A young mother with her twin newborns
A young mother adjusts her face mask before attending to her newborn twins lying on a cramped cot inside one of the busiest maternity wards in the world. Nicknamed the ‘Baby Factory’, the hospital is in one of the poorest parts of the Philippine capital, surrounded by shanties and the infamous Manila City Jail.
She explains that she had to quit her job as a call center agent to care for her newborns. Her husband’s courier business was closed during one the longest lockdowns of any country, forcing the couple into poverty. The Philippines already has a poverty rate that’s nearly double that of other large countries in the region, such as Indonesia and Thailand. The World Bank estimates that 2.7 million more Filipinos fell below the poverty line last year, defined as someone living on less than $3 a day.
The lockdown also meant that that many women have been unable to access birth control, resulting in even more unplanned pregnancies. Indeed, it is estimated that an additional 214,000 unplanned babies will be born in the coming months, according to the University of the Philippines Population Institute. These children will be born in hospitals already overwhelmed by 1.8 million births a year, mostly into the poorest families.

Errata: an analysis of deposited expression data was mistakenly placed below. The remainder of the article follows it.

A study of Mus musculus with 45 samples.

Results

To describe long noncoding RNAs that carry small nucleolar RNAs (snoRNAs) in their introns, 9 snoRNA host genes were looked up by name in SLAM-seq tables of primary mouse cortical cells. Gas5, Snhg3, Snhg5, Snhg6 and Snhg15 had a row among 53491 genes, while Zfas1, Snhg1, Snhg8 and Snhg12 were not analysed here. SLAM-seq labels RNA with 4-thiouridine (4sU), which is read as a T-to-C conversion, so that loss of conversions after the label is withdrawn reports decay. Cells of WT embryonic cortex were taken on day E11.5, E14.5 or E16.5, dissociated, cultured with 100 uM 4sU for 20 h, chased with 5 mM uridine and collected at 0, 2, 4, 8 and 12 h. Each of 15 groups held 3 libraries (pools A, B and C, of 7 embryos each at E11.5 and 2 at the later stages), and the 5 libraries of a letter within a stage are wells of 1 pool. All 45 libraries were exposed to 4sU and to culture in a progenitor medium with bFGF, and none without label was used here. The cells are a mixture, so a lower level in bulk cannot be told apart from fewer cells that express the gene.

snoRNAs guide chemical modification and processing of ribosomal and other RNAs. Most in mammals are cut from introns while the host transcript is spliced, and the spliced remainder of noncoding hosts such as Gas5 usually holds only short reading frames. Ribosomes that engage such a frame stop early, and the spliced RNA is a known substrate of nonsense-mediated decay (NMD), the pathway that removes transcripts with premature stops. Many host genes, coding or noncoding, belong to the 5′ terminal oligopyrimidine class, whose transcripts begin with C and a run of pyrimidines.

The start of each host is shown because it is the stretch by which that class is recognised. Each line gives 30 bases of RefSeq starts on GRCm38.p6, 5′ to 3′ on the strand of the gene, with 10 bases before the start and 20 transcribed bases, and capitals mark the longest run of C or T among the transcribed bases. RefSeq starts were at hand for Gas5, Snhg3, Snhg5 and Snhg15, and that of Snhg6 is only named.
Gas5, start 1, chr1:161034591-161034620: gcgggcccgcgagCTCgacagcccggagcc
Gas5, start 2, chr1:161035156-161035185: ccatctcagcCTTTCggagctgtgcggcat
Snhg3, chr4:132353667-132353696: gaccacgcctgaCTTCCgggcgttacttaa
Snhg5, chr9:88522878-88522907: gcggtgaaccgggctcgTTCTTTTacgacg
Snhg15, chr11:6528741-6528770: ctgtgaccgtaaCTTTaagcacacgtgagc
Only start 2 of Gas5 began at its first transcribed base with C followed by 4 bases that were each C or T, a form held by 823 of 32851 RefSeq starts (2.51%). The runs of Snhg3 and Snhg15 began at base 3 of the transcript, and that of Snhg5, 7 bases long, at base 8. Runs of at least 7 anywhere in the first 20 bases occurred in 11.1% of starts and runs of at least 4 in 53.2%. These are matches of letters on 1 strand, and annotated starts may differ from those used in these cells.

Getting contraception has always been difficult for women in the Philippines, even before the pandemic. Birth control is taboo in a country where 80% of the population are Catholic. The church has pressurized officials to ban contraceptives and promote ‘a culture of life’. The reproductive health law, envisioned to provide family planning and sex education, took a 12-year battle before becoming law and another two-year fight in the supreme court. Key provisions, including teenage access to contraceptives, were restricted.
The upcoming surge in births will also increase maternal deaths and deepen the crisis with teenage pregnancies, one of the highest in south-east Asia. More children will also lead to increased neglect, malnutrition and abuse among families that are struggling to survive.
We anticipate that Angel House will receive many more abandoned or neglected infants in the coming months as a direct result of this lockdown baby boom. Your kind donations enable our foundation to give these children the love and care that they so desperately need; they are the innocent victims of this devastating pandemic. We will nurture them until their parents are capable of caring for them, or find new families that can give them a better future.